In the Department of Chemistry and the Cavendish Laboratory, Knowles works on proteins, the fiendishly complex molecules whose behaviour underpins much of what goes on in our bodies. He's particularly interested in how proteins unite to form functional complexes and how, when this goes wrong, severe diseases can result. “It's protein science beyond the molecule,” he explains, “not the conventional science of protein folding, but how they fit together into the machinery that drives the cell.”

Finding out more about protein binding in real time could enable doctors to diagnose diseases much earlier than is currently possible, leading to more timely and effective treatment. But because proteins are dynamic as well as structurally complex, studying them is a major challenge.

It's typically done by electrophoresis, embedding proteins in a gel matrix and applying an electric field, and although this is a tried and tested technique used by thousands of labs every day, for Knowles it's not ideal. “Running gels is time consuming and for dynamic complexes that are forming and reforming, embedding the molecules in a gel is unhelpful,” he says.

Knowles wanted to find a better way of studying protein complexes so instead of gels, he decided that downsizing could be the answer. “It's a simple idea,” he recalls. “The gel is there to prevent mixing, but another way of doing that is simply to use very small volumes. So we decided to explore whether or not we could make this into a practical approach for characterising protein self-assembly.”

Having stumbled on a promising new technique, he talked to colleagues and Cambridge Enterprise and was met with huge enthusiasm. The major stumbling block, however, was finding an instrument manufacturer capable of making what he needed. Eventually he gave up – and decided to do it himself.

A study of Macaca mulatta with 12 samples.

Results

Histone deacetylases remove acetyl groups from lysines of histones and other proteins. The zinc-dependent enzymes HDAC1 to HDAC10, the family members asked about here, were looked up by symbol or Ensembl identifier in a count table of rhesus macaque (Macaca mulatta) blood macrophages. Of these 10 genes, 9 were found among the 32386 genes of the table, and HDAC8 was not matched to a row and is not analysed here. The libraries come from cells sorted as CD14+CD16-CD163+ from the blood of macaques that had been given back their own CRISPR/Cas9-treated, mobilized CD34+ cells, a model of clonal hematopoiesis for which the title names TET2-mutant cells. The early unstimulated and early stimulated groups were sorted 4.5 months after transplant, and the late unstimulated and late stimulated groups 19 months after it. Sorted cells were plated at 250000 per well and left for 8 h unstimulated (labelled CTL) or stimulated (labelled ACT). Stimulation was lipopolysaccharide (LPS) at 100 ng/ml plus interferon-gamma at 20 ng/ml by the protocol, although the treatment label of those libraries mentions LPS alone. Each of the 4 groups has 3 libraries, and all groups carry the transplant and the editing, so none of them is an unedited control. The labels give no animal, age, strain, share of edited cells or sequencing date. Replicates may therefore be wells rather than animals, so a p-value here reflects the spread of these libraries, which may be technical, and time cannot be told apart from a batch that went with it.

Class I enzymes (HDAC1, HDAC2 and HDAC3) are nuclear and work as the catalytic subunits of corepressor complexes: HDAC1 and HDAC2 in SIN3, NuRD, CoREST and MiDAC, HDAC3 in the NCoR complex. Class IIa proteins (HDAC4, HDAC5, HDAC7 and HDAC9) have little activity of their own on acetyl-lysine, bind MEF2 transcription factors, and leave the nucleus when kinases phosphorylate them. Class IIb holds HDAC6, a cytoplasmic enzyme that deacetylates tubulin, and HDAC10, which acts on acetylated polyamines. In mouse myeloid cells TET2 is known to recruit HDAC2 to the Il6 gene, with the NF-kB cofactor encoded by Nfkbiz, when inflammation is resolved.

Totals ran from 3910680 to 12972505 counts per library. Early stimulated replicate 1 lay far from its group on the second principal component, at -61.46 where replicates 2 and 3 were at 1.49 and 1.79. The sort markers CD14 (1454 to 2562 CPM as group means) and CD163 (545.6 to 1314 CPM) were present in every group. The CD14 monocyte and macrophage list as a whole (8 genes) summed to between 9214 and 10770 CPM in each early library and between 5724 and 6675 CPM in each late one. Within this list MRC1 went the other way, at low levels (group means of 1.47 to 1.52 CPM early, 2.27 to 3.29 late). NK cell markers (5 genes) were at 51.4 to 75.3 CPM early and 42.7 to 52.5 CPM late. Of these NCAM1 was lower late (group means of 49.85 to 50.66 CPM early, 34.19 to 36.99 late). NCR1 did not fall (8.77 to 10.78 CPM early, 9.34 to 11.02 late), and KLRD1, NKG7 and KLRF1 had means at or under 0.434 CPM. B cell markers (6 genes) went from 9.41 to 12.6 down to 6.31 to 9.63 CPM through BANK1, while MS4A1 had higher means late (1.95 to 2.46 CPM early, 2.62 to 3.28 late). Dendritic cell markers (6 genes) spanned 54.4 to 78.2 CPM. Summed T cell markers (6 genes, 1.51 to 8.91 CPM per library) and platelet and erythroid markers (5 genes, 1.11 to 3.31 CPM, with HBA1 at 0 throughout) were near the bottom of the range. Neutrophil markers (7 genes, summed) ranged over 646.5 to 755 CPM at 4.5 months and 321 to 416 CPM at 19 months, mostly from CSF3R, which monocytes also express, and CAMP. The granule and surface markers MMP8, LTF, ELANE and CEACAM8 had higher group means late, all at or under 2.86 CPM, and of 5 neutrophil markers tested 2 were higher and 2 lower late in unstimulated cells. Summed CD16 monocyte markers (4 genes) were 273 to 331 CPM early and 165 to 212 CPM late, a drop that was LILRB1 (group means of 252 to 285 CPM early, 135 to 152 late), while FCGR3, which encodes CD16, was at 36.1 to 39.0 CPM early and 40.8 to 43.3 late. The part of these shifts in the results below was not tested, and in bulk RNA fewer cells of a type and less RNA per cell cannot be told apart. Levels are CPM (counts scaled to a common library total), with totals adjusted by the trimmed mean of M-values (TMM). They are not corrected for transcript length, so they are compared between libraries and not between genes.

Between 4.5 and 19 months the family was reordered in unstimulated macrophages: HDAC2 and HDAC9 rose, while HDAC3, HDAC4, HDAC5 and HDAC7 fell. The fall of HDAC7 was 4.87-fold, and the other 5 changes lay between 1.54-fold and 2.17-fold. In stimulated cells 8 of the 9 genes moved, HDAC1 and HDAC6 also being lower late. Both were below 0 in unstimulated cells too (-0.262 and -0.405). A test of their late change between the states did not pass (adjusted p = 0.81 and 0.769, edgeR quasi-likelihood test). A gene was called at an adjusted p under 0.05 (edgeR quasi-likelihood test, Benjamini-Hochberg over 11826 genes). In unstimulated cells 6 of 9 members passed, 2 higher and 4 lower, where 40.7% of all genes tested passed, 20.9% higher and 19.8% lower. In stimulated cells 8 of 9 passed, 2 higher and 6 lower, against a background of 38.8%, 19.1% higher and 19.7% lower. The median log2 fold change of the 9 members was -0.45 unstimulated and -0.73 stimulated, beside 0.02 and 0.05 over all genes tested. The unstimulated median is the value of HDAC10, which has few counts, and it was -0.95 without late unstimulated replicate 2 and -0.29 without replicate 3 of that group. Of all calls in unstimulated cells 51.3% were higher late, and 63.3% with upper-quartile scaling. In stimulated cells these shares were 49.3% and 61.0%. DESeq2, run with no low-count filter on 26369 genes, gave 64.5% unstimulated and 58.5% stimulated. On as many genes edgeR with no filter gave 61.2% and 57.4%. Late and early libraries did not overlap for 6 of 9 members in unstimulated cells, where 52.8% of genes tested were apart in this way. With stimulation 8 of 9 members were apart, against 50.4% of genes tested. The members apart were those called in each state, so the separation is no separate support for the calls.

“Manufacturers said the scale we required was too small for them to make,” says Knowles, who successfully applied to the EPSRC IAA Follow-on Fund in 2013. The funding allowed him to retain a key post-doc and work with engineering consultancies to find a way of turning his lab-scale technology into an instrument.

“What was interesting about the Follow-on Fund was that it was a first stepping stone to getting significantly more support for translational research,” he say. “We've now secured that support – but it wouldn't have been possible without the work that the Follow-on Fund enabled.” Later the same year Knowles spun out Fluidic Analytics and has since won two TSB Smart Awards and raised more than £6.3m in venture capital funding.

Today, the company employs 20 staff and has sold its first instrument, but as well as a brilliant idea, Knowles knows he has others to thank for its successful commercialisation. Together with Cambridge Enterprise, the enthusiasm of his academic collaborators (including Professor Chris Dobson and Professor Michele Vendruscolo) and former Cambridge Judge Business School Entrepreneur-in-residence Andrew Lynn (now CEO of Fluidic Analytics) were hugely helpful.

And despite being poles apart from academic research, Knowles has found commercialisation both interesting and exciting. “If you do lab-scale experiments, most of the time they shouldn't work because you're exploring new ground. If they do work all the time, you're probably not pushing the boundaries enough,” he says. “Trying to develop a commercial product works the other way round – it needs to work almost all the time, so it's a very different set of technologies, mindset and mix of people.”

It's also a rich seam of new scientific questions. “Many applied problems are actually amazing sources of fundamental science,” he concludes, “so we've started doing lots of interesting fundamental science which we would never have done without our experience of commercialisation.”